Reflections from the 2024 MS Trust Conference

Image of Caitlin Sorrell

As the dust settles on the 2024 annual MS Trust Conference, we’ve had time to reflect on what an engaging, insightful and educational few days it was. In this piece, Caitlin Sorrell, Chair of Trustees, sums up the highlights that made a lasting impact on her. 

My name is Caitlin, I'm the Chair of Trustees at the MS Trust. I don't have MS, but I do live with it. My husband was diagnosed 14 years ago, which is what led to me becoming involved with the MS Trust. 

Summarising the MS Trust Conference is a challenge! How do you do justice to three days’ worth of symposia, seminars, posters, exhibitions, as well as the intangible, the side conversations, and the networking, where most of the magic happens? Well, I can't! So, in this blog I'm going to stick solely to the plenary sessions. 

We started day one, with David handing over to Lucy as CEO and Lucy reminding us that every contact counts between health professional and patient. Paru Naik (Director of Services) then updated us about how sustainable this year’s event was. I'm really proud that at the MS Trust, we are taking this issue so seriously. This was followed up by Tania Burge (Head of Services) who spoke to us about the advances in the development training module, and the ongoing work on our advanced MS course. She also reminded us all of the support that the MS Trust offers for business cases, for getting those important Specialist Nurses and Advanced MS Champions into your teams.

Professor Eli Silber then challenged us to think about conversations versus consultations. He recommended that we view the whole patient, that we consider their trauma and urged us to have conversations about end of life and palliative care with compassion, and respect. 

He then handed over to Lou Jarrett (MS Trust Lead Nurse Specialist) and Hannah Foley (MS Nurse), who talked about their reflective practice. They reminded us of the importance not just of what we do, but how we do it. One of the things that stood out from this session is the semiotic filter through which our patients view us. I'm really glad that they then put it in language I could understand, which is the Instagram filter of the caring nurse through which your patients view you. They also talked about how some conversations can be hard to manage, and how the strain of holding on to the distress of patients, can also take its toll. 

Professor Rona Moss-Morris then spoke about multiple sclerosis and mental health. She reminded us of the cost of mental health comorbidities and advised us all to screen for distress. She spoke about how ideally every patient would receive psychological therapy that was specific and tailored for people with MS. However, I think we can all sadly agree that we're a long way away from being able to offer that. 

On day two, we had the Helen Ley lecture where Dr Ana Miorelli, or Dr Ana as her patients like to call her, talked to us about low mood. She reminded us of the prevalence of low mood issues and the worse outcomes for people with MS who suffer depression and anxiety. She spoke about distress at the point of diagnosis being normal but reminded us that distress can occur at any point and regardless of the level of disability. She also advised us to bear with grief and distress and reminded us that your role can simply be to reduce uncertainty and give hope. 

We then had a guest lecture where Noreen Barker (MS Nurse Consultant), Michelle Hogan-Tricks (Neurogenic Clinical Lead) and Dr Claire Winchester (Head of Information and Engagement, MS Trust), urged us to break the #LooTaboo! I was stunned to hear that ten years after diagnosis 91% of patients have bladder problems and 78% of patients have bowel issues. We discovered that bladder is the third most life limiting symptom experienced by people with MS. Sadly patients often have symptoms for months or even years before they actually pick up the courage to speak to their health professional. We all need to help break the #LooTaboo.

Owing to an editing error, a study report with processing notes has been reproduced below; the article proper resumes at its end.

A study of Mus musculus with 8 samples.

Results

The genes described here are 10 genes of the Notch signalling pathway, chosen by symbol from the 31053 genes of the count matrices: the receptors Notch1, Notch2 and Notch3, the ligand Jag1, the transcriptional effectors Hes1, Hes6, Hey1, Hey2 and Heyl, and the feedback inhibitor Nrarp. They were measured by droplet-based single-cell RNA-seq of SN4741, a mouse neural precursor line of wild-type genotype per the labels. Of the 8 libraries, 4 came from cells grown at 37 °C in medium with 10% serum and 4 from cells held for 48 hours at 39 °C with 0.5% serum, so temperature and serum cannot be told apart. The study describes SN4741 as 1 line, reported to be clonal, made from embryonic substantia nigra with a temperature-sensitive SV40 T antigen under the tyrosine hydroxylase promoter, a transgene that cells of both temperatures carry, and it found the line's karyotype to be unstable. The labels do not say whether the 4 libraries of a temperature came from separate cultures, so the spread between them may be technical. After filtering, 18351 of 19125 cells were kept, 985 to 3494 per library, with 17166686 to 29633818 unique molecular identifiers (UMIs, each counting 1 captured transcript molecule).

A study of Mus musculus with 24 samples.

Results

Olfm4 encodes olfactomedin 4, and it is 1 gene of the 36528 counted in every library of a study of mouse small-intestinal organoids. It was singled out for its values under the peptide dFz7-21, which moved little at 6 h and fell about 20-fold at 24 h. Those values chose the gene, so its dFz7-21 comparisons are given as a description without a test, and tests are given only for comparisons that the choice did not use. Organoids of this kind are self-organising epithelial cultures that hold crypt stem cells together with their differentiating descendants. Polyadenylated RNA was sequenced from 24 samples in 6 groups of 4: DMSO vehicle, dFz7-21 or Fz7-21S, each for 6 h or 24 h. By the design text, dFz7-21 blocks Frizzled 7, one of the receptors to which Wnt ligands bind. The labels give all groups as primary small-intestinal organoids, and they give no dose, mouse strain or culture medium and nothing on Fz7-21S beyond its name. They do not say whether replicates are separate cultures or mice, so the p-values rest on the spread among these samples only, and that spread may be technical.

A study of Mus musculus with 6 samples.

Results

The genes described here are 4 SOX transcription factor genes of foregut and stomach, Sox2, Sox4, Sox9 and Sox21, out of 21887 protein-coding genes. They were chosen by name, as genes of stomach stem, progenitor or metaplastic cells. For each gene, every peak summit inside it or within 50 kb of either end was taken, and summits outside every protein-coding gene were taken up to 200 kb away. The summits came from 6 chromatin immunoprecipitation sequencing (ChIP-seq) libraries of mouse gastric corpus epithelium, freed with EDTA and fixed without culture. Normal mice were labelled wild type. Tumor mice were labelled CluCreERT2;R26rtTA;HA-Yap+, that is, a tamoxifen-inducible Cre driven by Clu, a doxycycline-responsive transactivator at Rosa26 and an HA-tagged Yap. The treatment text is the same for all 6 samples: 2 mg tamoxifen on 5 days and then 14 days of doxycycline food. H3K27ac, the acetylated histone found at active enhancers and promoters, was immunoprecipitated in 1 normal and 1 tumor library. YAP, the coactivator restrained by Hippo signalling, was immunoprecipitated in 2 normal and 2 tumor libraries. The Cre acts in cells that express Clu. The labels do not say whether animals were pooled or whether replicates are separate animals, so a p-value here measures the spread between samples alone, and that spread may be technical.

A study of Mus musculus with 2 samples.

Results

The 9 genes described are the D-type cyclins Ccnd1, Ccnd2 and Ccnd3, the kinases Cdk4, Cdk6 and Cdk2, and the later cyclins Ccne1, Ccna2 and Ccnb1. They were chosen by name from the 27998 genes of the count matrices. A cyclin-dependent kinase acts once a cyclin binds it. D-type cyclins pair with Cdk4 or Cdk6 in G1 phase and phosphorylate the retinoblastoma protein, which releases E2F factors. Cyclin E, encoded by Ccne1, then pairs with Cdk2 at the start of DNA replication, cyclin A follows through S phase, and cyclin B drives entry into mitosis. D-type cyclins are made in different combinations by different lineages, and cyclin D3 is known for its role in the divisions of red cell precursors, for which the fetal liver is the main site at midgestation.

Finally on day three, Professor Gavin Giovannoni, Tania Burge (Head of Services, MS Trust), Lou Jarret (Nurse Consultant, MS Trust) and Susan Hourihan (Lead Occupational Therapist) spoke eloquently about time. How time within a consultation is always under pressure, and is affected by the nature of that consultation. How the time it takes to initiate treatment is so important, as is the time our patients have to wait on those hideous waiting lists. Most importantly they reminded us to treat each patient as an individual. 

And that brings me onto my thematic reflections. Over the last few days, Belinda, Kurti, Tia, Adrian, Chris, Laura and Rachel are just some of the people with MS whose voices have been brought to life here at Conference. I am delighted that we had so much insight directly from patients, because as several speakers have mentioned, it is so important to view the patient as an individual, and as a whole. 

Health professionals were urged many times during the Conference to have difficult conversations; talk about mood, talk about end of life, talk about bladder and bowel, talk about exercise, talk about cognition, talk about sex, talk about menopause. We ask you to make every contact count, to give hope, but without sugar-coating it!

All these things are really important, and they do need to be talked about. But we ask a lot of health professionals and I wouldn't be surprised if you were reading this feeling slightly overwhelmed. My parting reflection for you is we don't expect you to have all the answers. You just need to be ready to ask the questions and start the conversation.

As I said, we ask a lot of you, but as the wife of a patient with MS, I want to take this last moment to thank you all for everything that you do, day in, day out. And on that note, I look forward to seeing many of you at the MS Trust Conference in 2025. Thank you very much.